Already amassing quite the following after The Lobster and The Killing of a Sacred Deer, director Yorgos Lanthimos is not the first person you’d expect to try his hand at costume drama. However, for any fans of the director’s previous work, you already know that Downton Abbey this ain’t. Recalling the modern twinge of Sofia Coppola’s Marie Antoinette but with a dinner table full of surrealism on top, The Favourite is not a film suited to all tastes.
Sharply written with profane screams and lesbian sex scenes, this film tells the story of Queen Anne (Olivia Colman), whose frail condition is growing at a time when Britain is at war with France. However, the physical battlefield is very much a side-issue to the psychological war going on in the halls of the palace, as Anne’s advisor and secretive lover Sarah Churchill (Rachel Weisz) finds herself coming to fight over the affections of Anne, when her young fallen from social grace cousin Abigail (Emma Stone) arrives seeking employment. A timely tale of gender politics and a pitch black dissection of the destructive nature of pursuing power and the obsessive and sexual make-up of the human psyche, this is surrealist period drama with some provocative layers.
While there are the odd lines of comedy and some clearly audacious piss takes of the genre, the promotion of this awards tipped artistic drama as a dark comedy was not really on point, as I didn’t find it constantly funny so much as massively intriguing. Deborah Davis and Tony McNamara’s dark script slices the flesh with its ferocity and revels in its divisiveness (expect walk outs), as the themes and artistry take pride of place over the historical accuracy and document (though, to be fair, the broad overview is correct).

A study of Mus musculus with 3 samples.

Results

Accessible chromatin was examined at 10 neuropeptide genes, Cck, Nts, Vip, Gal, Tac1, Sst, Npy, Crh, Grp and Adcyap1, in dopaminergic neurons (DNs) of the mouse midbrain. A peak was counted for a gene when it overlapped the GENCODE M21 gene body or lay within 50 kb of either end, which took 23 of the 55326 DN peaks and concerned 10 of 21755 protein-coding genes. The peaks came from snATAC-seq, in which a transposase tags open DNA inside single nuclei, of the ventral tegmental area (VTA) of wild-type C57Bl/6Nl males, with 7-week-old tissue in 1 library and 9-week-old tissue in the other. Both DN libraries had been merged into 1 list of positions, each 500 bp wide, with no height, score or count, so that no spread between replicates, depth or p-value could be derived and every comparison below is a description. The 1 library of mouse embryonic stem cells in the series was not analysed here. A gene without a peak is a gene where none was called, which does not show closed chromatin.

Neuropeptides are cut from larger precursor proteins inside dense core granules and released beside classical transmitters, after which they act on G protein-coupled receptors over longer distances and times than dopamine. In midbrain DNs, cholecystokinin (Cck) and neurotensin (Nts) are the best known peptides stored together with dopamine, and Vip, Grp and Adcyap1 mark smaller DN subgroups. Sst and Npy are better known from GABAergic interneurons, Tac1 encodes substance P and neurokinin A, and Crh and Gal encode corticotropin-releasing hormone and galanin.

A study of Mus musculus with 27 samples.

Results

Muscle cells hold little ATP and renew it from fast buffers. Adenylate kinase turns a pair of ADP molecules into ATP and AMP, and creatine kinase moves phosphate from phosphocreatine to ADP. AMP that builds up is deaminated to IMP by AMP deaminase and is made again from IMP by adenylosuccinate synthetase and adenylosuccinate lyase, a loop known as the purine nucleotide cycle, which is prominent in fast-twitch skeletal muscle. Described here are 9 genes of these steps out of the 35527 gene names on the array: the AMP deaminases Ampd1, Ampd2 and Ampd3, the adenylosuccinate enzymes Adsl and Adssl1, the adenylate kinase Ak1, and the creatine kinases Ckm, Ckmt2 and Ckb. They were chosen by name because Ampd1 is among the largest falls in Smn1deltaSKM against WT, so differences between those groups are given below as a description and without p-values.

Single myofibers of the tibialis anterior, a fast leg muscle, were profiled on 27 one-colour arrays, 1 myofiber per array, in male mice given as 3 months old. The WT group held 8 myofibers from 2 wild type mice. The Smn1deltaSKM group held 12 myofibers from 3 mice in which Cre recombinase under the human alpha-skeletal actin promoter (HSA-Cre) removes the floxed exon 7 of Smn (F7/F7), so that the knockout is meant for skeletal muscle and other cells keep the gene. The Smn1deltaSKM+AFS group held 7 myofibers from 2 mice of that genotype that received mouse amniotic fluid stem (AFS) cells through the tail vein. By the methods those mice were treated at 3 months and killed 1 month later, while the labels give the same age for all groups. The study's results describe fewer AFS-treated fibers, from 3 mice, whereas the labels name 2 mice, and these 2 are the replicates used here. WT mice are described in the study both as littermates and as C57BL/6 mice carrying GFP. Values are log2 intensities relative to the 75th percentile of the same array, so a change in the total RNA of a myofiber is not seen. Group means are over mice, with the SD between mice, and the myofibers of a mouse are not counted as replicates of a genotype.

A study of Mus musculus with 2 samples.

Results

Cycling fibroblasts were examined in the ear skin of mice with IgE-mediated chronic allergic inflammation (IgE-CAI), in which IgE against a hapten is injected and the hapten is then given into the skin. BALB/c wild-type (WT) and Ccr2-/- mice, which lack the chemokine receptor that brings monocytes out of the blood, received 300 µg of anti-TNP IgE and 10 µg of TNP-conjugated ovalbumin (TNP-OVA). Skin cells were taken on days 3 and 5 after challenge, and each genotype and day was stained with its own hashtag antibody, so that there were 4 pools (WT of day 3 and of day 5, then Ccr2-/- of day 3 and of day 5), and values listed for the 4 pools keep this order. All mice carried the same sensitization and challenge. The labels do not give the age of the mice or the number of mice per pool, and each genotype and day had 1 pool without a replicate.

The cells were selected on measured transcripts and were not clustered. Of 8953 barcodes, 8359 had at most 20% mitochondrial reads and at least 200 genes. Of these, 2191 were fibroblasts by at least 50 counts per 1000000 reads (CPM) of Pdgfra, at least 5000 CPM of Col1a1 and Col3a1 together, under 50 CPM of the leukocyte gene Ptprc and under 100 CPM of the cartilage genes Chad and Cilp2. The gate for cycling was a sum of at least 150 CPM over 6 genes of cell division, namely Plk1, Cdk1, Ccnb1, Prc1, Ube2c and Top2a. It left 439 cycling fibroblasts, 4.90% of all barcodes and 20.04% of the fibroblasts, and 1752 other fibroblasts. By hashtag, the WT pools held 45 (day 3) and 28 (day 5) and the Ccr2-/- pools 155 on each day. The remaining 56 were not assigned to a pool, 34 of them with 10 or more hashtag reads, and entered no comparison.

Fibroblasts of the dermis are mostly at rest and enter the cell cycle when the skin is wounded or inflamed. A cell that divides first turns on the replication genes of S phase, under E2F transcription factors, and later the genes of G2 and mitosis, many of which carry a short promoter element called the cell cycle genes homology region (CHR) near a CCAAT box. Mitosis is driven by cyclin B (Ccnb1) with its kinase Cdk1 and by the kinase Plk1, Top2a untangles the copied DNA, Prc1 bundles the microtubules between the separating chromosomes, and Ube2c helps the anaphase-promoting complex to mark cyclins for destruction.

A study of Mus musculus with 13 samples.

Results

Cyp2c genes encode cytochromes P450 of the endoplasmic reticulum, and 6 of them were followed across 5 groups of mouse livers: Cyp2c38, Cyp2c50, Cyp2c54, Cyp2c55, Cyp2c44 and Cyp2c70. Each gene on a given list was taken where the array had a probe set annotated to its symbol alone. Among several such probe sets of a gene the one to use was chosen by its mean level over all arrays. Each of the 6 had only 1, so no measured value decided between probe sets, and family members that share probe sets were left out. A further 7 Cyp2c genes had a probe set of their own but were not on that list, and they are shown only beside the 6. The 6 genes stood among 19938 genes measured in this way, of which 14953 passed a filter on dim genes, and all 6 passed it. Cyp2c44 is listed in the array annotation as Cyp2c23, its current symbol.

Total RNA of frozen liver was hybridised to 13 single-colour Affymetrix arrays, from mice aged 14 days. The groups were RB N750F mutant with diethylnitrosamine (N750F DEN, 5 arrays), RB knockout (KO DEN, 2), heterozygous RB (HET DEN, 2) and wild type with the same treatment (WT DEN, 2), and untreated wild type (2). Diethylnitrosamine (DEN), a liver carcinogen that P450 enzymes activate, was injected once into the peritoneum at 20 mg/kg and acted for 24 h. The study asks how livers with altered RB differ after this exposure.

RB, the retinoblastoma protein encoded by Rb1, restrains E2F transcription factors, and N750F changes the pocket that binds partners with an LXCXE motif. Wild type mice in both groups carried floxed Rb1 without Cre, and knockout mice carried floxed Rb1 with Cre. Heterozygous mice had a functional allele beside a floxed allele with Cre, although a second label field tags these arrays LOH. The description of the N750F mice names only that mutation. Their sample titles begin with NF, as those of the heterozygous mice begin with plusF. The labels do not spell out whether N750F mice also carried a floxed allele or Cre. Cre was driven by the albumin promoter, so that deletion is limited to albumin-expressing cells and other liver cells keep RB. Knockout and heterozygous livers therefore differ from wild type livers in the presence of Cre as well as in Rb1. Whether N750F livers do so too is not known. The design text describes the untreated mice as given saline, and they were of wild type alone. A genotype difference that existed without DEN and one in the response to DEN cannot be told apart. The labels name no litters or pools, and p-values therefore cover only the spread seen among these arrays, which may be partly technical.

The Favourite looks fantastic, with its lens eye shots and curved frames, giving the intimate nature of the story a much needed visual accompaniment. Speaking of visuals, the film deserves every one of its set, costume and make-up plaudits, as the art department’s work here is quite exquisite, as are moments of the odd score, which overall does often jar and (like some of the other aesthetics) does sometimes feel almost to be mocking itself, with its repetition, prolonged nature and occasionally ill-fitting placement, which leaves you questioning how serious certain things are meant to be, in spite of the aforementioned consistently grave tone.
All the same, while it is a film that I can’t say I adored, I highly admired it, especially in the ideas it discussed so uniquely through the medium of film, not sure whether I’d watch it again, as I had had quite enough come the kaleidoscopic closing shot but that being said The Favourite was incredibly memorable and a film you can rigorously discuss and remember. And it is made all the more so by great performances from the cast (which includes The Thick of It’s James Smith, The League of Gentleman’s Mark Gatiss and Mad Max Fury Road’s Nicholas Hoult) but it is the leading trio that obviously take over (so to speak).
Olivia Colman, Emma Stone and Rachel Weisz are outstanding, as this jealous, manipulative and power hungry triangle of point scoring and sex allows each actress to shine at different moments. Colman is surely on her way to Oscar glory as the ill monarch who still holds all the cards in spite of her near child-like temperament. Stone perfectly encapsulates what it is to lose power and how devastating (and sometimes futile) it can be to re-acquire it, while Weisz is at turns wicked, intelligent and probably the most confident character in the entire movie.
The Favourite is very much a biting, impressive, divisive and angry piece of art, which is provocatively performed and made to win the hearts of as many as it will shake.
- The acting, period design, interpretation of hierarchical power plays and how they impact the human mind.
- Naturally its not for everyone and its billing as a comedy by some publications certainly leads you the wrong way.